Definitions for PERL
This page provides all possible meanings and translations of the word PERL
A text-oriented programming language, widely used in Internet applications.
Perl is a family of high-level, general-purpose, interpreted, dynamic programming languages. The languages in this family include Perl 5 and Perl 6. Though Perl is not officially an acronym, there are various backronyms in use, such as: Practical Extraction and Reporting Language. Perl was originally developed by Larry Wall in 1987 as a general-purpose Unix scripting language to make report processing easier. Since then, it has undergone many changes and revisions. The latest major stable revision of Perl 5 is 5.18, released in May 2013. Perl 6, which began as a redesign of Perl 5 in 2000, eventually evolved into a separate language. Both languages continue to be developed independently by different development teams and liberally borrow ideas from one another. The Perl languages borrow features from other programming languages including C, shell scripting, AWK, and sed. They provide powerful text processing facilities without the arbitrary data-length limits of many contemporary Unix tools, facilitating easy manipulation of text files. Perl 5 gained widespread popularity in the late 1990s as a CGI scripting language, in part due to its parsing abilities. In addition to CGI, Perl 5 is used for graphics programming, system administration, network programming, finance, bioinformatics, and other applications. It's nicknamed "the Swiss Army chainsaw of scripting languages" because of its flexibility and power, and possibly also because of its perceived "ugliness". In 1998, it was also referred to as the "duct tape that holds the Internet together", in reference to its ubiquity and perceived inelegance.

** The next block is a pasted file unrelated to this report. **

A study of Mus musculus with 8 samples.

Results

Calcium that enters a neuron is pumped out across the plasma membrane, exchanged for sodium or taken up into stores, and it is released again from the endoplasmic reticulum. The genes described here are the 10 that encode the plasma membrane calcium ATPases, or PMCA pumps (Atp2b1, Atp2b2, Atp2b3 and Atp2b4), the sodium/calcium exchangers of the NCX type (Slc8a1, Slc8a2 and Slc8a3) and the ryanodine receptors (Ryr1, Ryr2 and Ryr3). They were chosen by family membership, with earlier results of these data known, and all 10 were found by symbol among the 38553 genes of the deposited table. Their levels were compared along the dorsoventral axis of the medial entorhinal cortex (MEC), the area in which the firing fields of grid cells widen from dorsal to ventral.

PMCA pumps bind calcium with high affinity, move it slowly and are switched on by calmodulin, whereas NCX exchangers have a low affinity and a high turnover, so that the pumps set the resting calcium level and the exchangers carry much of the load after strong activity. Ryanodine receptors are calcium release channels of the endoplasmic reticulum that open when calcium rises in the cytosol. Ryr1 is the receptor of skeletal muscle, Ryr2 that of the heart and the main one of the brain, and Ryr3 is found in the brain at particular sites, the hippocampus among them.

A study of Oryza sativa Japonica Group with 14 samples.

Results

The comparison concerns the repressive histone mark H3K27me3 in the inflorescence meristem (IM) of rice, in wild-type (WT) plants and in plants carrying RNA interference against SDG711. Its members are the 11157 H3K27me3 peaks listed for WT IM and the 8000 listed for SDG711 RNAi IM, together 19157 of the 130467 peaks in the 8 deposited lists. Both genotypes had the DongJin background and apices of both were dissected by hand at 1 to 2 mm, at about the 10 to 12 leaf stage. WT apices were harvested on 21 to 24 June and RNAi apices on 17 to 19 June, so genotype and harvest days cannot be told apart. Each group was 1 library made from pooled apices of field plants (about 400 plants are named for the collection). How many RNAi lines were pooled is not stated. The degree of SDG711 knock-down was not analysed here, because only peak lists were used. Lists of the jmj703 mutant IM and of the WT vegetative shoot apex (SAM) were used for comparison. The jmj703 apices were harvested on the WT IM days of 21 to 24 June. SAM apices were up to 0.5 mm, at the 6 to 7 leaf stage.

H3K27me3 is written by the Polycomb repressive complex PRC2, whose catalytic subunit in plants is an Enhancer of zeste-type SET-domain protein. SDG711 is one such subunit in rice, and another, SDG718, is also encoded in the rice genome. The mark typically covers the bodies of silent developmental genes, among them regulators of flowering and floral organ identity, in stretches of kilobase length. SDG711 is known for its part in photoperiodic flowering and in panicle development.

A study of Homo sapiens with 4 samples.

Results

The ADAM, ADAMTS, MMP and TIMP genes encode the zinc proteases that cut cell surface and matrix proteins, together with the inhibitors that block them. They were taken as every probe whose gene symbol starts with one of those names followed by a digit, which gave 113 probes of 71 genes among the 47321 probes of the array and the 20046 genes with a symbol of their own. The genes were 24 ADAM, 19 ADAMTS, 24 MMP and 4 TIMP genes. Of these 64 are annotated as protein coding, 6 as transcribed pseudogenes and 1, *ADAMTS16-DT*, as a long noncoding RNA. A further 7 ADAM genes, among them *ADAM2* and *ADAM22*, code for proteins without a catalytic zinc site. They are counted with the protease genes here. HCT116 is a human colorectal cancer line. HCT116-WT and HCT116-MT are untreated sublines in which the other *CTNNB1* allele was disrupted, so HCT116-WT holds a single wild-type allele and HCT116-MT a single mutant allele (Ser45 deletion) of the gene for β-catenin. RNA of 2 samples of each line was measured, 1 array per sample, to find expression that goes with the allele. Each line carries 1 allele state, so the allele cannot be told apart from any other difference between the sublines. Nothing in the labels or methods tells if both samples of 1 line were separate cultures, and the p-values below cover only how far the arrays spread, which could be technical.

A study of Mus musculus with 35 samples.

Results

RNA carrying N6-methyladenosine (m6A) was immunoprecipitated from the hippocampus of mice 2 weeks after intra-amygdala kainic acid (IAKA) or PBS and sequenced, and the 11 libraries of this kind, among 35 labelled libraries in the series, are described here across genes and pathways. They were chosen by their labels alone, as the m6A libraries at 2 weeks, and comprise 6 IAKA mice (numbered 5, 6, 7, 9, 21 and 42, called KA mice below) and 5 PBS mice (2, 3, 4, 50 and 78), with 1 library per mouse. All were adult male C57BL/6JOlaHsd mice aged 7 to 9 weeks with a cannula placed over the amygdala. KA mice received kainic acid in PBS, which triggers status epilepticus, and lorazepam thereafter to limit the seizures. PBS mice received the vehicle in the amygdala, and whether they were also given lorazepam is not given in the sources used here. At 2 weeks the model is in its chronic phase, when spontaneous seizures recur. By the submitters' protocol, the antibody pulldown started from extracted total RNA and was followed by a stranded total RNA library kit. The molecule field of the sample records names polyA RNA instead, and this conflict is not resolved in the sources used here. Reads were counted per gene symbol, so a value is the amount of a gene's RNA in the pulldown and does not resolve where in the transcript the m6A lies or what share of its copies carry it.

The New Hacker's Dictionary
[Practical Extraction and Report Language, a.k.a. Pathologically Eclectic Rubbish Lister] An interpreted language developed by Larry Wall, author of patch(1) and rn(1)). Superficially resembles awk, but is much hairier, including many facilities reminiscent of sed(1) and shells and a comprehensive Unix system-call interface. Unix sysadmins, who are almost always incorrigible hackers, generally consider it one of the languages of choice, and it is by far the most widely used tool for making ‘live’ web pages via CGI. Perl has been described, in a parody of a famous remark about lex(1), as the Swiss-Army chainsaw of Unix programming. Though Perl is very useful, it would be a stretch to describe it as pretty or elegant; people who like clean, spare design generally prefer Python. See also Camel Book, TMTOWTDI.